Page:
As I mentioned on this blog a few weeks’ ago, there are opportunities throughout the Diocese of Erie to attend a Holy Hour for Vocations. This is a key part of our hope for attracting new men to the seminary for the Erie Diocese. You are encouraged to attend any of the Holy Hours being offered. Here again is a listing of the events:
- Nov. 3 at 7 p.m.—St. Mark Seminary, 429 E. Grandview Blvd., Erie (Bishop Lawrence Persico will participate in this evening. The communities of Mercyhurst Preparatory School, Cathedral Preparatory School and Villa Maria Academy are encouraged to participate in this event.)
- Nov. 3 at 7 p.m.—Venango Catholic High School, 1505 West First St., Oil City
- Nov. 3 at 6:30 p.m.—DuBois Central Catholic High School, 200 Central Christian Road, DuBois
- Nov. 4 at 7 p.m.—St. Michael Church, 811 Chestnut St., Emlenton
- Nov. 5 during school hours only—Elk County Catholic High School, 600 Maurus St., St. Marys
- Nov. 10 at 7 P.M. Kennedy Catholic High School, 2120 Shenango Valley Freeway, Hermitage
It is not as if our prayers can win God’s favor, or force God’s hand. God in His Providence knows what we need before we know it (Matthew 6:8). What is prayer, then? Why do it? We pray so that, as St. Augustine once said, our desire for God’s will might grow. Are our desires in union with what God desires? Do we ask that question? Do we even care? Are we too wrapped up in our own daily agendas to care? Prayer stops the dynamic of selfishness, and places the proper focus on the Lord, leading to true blessings.
Prayer focuses us on higher things. Our daily work routines and our family responsibilities. We might feel that we want to spend every moment with our families, or spend all of our time building a successful business endeavor. Sometimes, even very often, we truly don’t have time for extended prayer. Still, time spent in prayer reminds us of the existence of a higher plane of being – the spiritual force of the Holy Spirit, which guides all life along its course. The very decision to pray is a recognition that our work and enjoyment is not the “be all and end all” of life. The decision not to pray, then, is a decision that our work and play really are the sum of our self-directed life. Such an environment is not a fertile soil for a seminarian to sprout up. After all, if we do not value prayer, why would we want someone to give up their lives so that we can offer that most holy prayer, the Sacred Liturgy? Why would we even care to have a priest whose service is not valued or wanted?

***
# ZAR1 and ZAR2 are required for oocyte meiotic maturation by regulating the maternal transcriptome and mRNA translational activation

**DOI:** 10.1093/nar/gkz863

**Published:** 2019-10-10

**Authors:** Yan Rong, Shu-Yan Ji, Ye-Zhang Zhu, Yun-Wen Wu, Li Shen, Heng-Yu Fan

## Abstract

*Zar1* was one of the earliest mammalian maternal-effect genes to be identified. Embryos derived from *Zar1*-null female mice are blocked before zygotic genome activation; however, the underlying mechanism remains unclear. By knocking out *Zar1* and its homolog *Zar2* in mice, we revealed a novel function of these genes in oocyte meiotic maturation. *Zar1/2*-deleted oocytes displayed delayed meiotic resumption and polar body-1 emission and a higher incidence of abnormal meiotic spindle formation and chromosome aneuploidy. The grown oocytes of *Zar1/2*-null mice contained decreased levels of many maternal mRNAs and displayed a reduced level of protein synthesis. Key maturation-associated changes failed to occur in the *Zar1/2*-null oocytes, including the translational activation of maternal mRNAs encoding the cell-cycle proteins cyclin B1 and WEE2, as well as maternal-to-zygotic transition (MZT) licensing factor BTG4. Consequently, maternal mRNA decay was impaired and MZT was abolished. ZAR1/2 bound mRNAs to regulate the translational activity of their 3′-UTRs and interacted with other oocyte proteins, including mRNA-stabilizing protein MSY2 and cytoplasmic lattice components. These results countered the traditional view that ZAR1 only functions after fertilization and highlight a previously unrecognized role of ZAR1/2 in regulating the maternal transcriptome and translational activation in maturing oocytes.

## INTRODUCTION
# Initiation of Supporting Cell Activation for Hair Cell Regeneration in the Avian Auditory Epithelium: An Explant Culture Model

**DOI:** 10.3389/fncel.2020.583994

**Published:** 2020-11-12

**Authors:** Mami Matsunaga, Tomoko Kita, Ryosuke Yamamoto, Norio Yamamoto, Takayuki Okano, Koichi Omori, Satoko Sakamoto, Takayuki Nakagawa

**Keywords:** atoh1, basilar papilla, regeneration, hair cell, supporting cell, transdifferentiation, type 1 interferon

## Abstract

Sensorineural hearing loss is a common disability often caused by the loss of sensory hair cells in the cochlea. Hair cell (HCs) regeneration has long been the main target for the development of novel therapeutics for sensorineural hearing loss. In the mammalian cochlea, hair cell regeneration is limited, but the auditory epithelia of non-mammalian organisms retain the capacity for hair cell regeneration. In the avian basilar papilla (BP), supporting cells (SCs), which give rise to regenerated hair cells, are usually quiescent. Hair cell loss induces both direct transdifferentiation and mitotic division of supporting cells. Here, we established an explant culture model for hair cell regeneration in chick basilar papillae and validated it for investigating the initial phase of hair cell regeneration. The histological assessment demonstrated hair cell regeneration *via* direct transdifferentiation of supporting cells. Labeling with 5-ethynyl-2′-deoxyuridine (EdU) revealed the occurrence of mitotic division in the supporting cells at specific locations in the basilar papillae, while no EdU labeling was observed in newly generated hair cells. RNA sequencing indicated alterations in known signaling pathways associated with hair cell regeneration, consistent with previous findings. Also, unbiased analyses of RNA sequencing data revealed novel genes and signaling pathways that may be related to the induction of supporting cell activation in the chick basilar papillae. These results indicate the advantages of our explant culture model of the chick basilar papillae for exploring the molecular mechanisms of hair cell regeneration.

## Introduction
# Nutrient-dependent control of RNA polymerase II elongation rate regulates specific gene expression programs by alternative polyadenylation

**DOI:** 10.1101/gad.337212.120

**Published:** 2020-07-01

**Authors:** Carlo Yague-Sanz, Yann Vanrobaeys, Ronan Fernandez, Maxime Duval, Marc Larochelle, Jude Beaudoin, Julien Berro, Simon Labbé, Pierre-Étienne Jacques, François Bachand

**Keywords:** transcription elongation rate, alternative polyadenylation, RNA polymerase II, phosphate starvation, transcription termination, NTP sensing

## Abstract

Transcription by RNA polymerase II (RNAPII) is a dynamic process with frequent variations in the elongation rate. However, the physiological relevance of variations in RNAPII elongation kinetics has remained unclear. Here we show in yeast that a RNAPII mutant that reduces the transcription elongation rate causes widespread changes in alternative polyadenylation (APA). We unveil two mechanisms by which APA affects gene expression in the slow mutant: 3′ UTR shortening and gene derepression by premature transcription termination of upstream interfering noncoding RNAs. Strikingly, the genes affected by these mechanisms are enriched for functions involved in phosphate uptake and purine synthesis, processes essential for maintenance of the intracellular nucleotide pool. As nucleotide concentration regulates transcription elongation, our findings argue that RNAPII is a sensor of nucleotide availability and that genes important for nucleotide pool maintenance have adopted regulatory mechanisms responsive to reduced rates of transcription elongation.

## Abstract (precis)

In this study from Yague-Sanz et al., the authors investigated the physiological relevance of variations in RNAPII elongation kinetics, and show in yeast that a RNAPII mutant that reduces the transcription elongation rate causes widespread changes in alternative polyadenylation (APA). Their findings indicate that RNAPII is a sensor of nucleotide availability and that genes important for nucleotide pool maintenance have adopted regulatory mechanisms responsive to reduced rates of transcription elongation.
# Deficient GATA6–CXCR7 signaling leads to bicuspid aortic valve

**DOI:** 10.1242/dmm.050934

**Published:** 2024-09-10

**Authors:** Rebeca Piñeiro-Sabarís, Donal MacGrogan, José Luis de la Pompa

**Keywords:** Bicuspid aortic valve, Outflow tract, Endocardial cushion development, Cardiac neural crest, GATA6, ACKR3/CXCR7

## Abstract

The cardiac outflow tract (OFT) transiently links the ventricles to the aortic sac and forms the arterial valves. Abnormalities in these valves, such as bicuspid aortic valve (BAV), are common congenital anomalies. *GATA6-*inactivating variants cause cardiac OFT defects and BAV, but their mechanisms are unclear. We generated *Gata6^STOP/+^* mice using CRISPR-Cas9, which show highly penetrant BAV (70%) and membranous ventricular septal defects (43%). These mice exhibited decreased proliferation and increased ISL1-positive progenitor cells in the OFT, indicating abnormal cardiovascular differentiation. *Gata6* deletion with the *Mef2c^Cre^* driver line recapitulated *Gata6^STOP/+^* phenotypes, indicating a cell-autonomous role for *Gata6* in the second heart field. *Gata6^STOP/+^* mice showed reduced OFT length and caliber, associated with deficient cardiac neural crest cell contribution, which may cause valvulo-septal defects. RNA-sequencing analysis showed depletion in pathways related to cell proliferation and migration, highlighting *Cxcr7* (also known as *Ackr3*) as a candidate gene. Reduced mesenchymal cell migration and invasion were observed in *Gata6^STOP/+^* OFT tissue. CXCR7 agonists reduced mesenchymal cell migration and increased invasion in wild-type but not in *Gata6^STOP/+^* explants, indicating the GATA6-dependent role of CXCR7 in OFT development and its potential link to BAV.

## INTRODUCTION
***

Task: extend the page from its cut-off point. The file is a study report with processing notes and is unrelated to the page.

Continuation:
We need to deserve our seminarians. We need to act in such a way as to deserve the gift of their young lives in service to God and Church. Praying for them is a great start. As we pray for vocations, we say to God that we desire shepherds after his own heart. We want someone to give us the keys to the Kingdom of God, the Sacraments. We need access to saving grace. We need Jesus Christ to be a real part of our everyday life. We need to be members of a visible body of faith, of a church. We need more than individualistic, spiritual righteousness. We need real, visible holiness!
We need men to answer the call to ordained ministry, to bring us these most precious gifts of Christ. May we rely on the Lord’s strength to draw the hearts of men to the seminary, and may our hearts be prepared to support them.